Orpheus: The Lowdown

(Ape House; US: 10 Apr 2007; UK: 23 Feb 2004)

Intertwined media add to the Orpheus legend

Tales of Orpheus—a lyre-carrying, song-singing artist from Greek mythology—have been told and retold for centuries. His conquests—an attempted rescue of his wife Eurydice from hell, a gig singing songs to lull deadly sirens into complacency—were first documented in Book X of Ovid’s Metamorphoses, but it wasn’t until the fourth century that a picture of Orpheus, lovesick and determined to bring his love back from the depths of hell, was first emblazoned on sculpture. Later, the Orpheus and Eurydice story permeated literature, drama and ballet. In 1949, Jean Cocteau updated Orpheus and Eurydice’s tale for filmgoers, but no art form has more thoroughly explored Orpheus than music.


In the opera world, the idea of Orpheus and his power of song was first explored in the 1600s. Contemporary stagings of operas still dominate company offerings; the Metropolitan Opera just finished a production of Gluck’s Orfeo ed Euridice, and the Glimmerglass Opera, a summer company housed in Cooperstown, NY, has dedicated an entire season to the retelling of Orpheus’s descent to hell, spanning from Monteverdi’s 1607 composition to a recent work by Philip Glass. 


It’s in this current fascination that Orpheus: The Lowdown has been re-released. Originally produced in 2004 and written by Peter Blegvad and Andy Partridge over an 11-year period, the CD completes the Orpheus legend where most re-imaginings have failed. Instead of focusing on Orpheus’s relationship with Eurydice, the story becomes simply one part of a larger examination of Orpheus’s mythical singing ability.


Taken as an entire package, Orpheus: The Lowdown combines everything about previous stories centered around Orpheus in the arts: music, spoken and written word and paintings. This unique way of telling a story—reinforcing ideas with different media—comes across as more performance art than stand-alone CD. In fact, it’s impossible to listen to this recording as music: there are no traditional songs, and the harsh aural backdrop Partridge creates doesn’t lend itself to easily sung melodic lines. The stories, spoken in a steady, measured baritone by Blegvard, are instead meant to be heard, to reach the ears while reading the text.


The music itself works well with Blegvard’s spoken-word delivery. In “Savanah” Blegvard tells of Orpheus “building the throats of singers” just as a dissonant chord rises from a choir of nascent voices. The same stanza brings metallic audio—the sound of machinery at work—to accompany the construction of a post office and subway system. More subtle sound painting occurs in “Gavelston,” a track that begins with hollow brush strokes on a drum kit. What follows sound like thunder: an initial thump followed by rumbling and a loud crash. Blegvard’s words, “he drinks in a bar bowling alley,” suddenly focus the sound, as the explosion of bowling pins cuts through the drumming. Partridge’s contribution to the work is not passive; his audio is intertwined with Blegvard’s words. One would be lost without the other.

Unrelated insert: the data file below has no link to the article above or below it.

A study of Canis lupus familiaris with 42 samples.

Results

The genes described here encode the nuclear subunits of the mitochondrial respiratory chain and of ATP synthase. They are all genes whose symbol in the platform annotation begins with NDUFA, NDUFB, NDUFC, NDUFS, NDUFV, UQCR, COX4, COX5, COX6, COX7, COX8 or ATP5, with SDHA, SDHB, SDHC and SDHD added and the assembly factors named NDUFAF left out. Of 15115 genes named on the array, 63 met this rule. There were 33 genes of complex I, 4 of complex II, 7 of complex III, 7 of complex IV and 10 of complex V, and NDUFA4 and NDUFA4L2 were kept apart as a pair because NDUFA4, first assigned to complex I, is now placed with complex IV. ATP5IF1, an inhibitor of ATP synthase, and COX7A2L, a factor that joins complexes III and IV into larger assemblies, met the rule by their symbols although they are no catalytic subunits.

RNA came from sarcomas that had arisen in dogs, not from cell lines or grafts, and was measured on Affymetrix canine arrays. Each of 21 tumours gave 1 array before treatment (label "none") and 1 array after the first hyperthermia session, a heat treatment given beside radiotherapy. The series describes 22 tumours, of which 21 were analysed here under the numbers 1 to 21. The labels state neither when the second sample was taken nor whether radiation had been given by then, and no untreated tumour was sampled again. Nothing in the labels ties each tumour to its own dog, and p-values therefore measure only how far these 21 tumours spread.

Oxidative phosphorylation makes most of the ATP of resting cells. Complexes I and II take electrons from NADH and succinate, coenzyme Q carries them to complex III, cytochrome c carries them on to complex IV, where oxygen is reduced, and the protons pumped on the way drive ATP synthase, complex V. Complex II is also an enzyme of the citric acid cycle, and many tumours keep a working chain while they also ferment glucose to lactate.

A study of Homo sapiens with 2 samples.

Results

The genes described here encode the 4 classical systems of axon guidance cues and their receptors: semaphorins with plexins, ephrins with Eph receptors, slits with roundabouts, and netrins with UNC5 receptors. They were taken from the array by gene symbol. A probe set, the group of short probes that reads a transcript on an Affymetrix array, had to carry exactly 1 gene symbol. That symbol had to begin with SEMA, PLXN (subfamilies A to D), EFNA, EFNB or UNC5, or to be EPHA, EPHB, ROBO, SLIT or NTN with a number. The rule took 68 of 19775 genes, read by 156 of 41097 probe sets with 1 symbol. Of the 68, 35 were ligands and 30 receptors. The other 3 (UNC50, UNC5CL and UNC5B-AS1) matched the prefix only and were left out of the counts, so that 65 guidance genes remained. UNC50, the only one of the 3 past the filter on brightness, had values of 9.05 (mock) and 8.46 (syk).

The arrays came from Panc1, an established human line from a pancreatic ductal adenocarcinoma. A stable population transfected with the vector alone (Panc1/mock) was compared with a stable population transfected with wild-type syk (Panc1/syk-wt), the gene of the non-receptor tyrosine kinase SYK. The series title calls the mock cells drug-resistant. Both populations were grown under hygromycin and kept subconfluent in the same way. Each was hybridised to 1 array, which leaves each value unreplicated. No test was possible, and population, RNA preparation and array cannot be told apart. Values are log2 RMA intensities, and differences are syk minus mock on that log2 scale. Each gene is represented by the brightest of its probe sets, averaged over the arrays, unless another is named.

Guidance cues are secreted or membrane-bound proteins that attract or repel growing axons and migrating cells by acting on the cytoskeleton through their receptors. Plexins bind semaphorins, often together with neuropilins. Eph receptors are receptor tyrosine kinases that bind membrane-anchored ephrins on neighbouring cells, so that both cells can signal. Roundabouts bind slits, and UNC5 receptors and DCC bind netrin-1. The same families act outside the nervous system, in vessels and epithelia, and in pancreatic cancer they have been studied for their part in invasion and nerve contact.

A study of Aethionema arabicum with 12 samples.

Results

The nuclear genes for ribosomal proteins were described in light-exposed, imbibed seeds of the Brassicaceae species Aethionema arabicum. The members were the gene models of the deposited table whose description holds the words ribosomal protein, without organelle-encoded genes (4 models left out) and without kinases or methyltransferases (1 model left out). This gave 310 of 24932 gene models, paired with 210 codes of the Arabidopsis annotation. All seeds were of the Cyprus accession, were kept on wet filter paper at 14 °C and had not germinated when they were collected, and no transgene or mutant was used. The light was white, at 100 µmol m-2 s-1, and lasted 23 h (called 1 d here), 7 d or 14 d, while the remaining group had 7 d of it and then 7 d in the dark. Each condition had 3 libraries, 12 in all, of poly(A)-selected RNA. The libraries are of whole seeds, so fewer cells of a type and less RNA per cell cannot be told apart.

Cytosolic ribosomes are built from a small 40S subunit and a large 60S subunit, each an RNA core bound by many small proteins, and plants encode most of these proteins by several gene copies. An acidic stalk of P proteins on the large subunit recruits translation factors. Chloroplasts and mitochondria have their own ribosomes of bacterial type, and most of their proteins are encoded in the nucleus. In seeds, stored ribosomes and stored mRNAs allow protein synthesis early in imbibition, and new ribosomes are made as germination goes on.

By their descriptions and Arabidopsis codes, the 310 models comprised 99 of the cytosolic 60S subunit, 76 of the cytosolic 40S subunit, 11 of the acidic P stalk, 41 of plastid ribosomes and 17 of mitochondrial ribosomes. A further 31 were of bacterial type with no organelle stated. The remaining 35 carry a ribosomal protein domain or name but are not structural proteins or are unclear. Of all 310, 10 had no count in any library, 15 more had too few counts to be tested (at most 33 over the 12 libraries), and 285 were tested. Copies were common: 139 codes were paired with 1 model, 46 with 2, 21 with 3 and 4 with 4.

But Blegvard’s words, on the whole, are not as interesting as Partridge’s music. The text is restrained and borderline pretentious, and where one story centers on the convoluted language of storytelling, another is steeped in contemporary feeling. This makes some phrases incongruous: 21st century personality occasionally shines through. These passages stand out as modern colloquialisms stuck in a historic text.


The accompanying artwork—bleak muted tones, blurred images of human forms, paintings that look like x-rays dusted with a light brown—argue that this is a work to take seriously. These paper constructions, formed by the two artists, are loosely related to the accompanying poem, and are carefully printed next to white text jutting out from a black background. The whole ensemble—text, art and CD—is wrapped in a book that could easily find room next to literary collections, a cry for the sustainability of the project.


This experiment may not find the sales it needs to be remembered, but it is still a valiant effort, a risky combination of spoken word, background sounds, text and art. With the current examination of Orpheus entertainment, another interpretation of old stories could get lost, but Orpheus: The Lowdown is unique enough to merit at least a closer look.